Blog: Sarah Haskins on Recovery
A few weeks ago I had the opportunity to speak with graduate and undergraduate students pursuing a sports medicine/athletic training degree from the University of Alabama. Of all the schools in the country, I thought it was quite ironic that I had a connection with their college town (Tuscaloosa was the sight of the 2008 Olympic Trials and upcoming U.S. Nationals in September). I spoke alongside an athletic trainer who works with athletes at the Olympic Training Center on a daily basis. I was there to give an athlete’s perspective. The topic—recovery. If there is one thing I have learned the over the past six years of being an elite athlete it is the importance of listening to your body to properly recover.
I have heard it said that, “It’s not how hard you train, it’s how hard you recover.” The past several years I have realized how true this saying is in order to reach your potential and to avoid injuries. Of course, by pushing our bodies to the limit on a weekly basis, injuries occur throughout an athlete’s career. However, with proper recovery techniques, the likelihood of these injuries can be greatly decreased.
Thinking back to my days of running at an NCAA level in college, I realize now how little I knew about recovering. I did not have much knowledge on nutrition, proper sleep, and stretching techniques, just to name a few aspects. There wasn’t much known about recovery-based training ten years ago, but nowadays, it has been scientifically proven to work.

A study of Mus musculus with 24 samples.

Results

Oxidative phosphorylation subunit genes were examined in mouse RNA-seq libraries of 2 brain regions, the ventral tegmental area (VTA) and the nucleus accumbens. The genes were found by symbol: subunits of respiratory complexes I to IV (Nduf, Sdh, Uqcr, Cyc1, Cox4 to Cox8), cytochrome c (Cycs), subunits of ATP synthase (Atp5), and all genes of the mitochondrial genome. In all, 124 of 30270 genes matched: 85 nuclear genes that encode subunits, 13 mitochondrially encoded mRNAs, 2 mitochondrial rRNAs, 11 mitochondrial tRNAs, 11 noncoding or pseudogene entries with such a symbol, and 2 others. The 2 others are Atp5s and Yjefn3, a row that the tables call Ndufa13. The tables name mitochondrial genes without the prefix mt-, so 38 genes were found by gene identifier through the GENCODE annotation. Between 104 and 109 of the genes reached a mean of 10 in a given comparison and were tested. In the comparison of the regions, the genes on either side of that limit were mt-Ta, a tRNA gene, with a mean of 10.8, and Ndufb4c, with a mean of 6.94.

The Olympic Training Center in Colorado Springs has an entire building devoted specifically to recovery techniques. Three years ago, this center opened to all resident athletes and is available for athletes to use as much or as little as they choose. Athletes are allotted 90 minutes of massage per week. In addition, the center is equipped with a dry and wet sauna, cold bath, hot tub and a yoga/stretching room. Recently, compression pants have been added for athletes to use post workout or between workouts. These pants help flush out waste from the legs, similar to a massage. With nutrition being a fundamental key to recovery, the center is stocked with bars, fruit, and plenty of fluids. If an athlete chooses to take advantage of all the recovery tools, it can definitely give he or she the extra edge needed to perform at the highest level.
Just as training can be individually based, I feel recovery works the same way. A certain recovery technique that works best for one athlete may not work best for another. So the trick is to find out what works best for you! Some of the key recovery techniques that I use and pay attention to are:
1) Nutrition/hydration: Making sure you are fueled properly pre/during/post workout. Fueling within 30 minutes after finishing a quality session is key for the muscles to recover.
2) Sleep/rest: The best way for the body to recover is quality sleep. Sleep is one of the best ways for me to listen to my body and know that I am properly recovering. If I begin to have consecutive poor nights of sleep, this alerts me that I may be overtraining.
3) Massage: This is a great way to flush out the legs after travel or tough training and helps decrease the risk of injury.
4) Ice bath: After a high intensity bike or run session, ice baths are an excellent way to help flush out the legs and get them ready for another challenging session the next day.
5) Strength training/stretching: I spend a little time every day working on my flexibility and strength training all the “little” muscles to help prevent injury and improve my performance.
6) Compression tights: I find these are great for travel or after a key workout. They keep the blood flowing in the legs to speed up recovery. If for some reason I can’t prop my legs up after a tough workout and I have to be on my feet, then compression socks are a must.
Good luck with your race season and don’t forget to recover!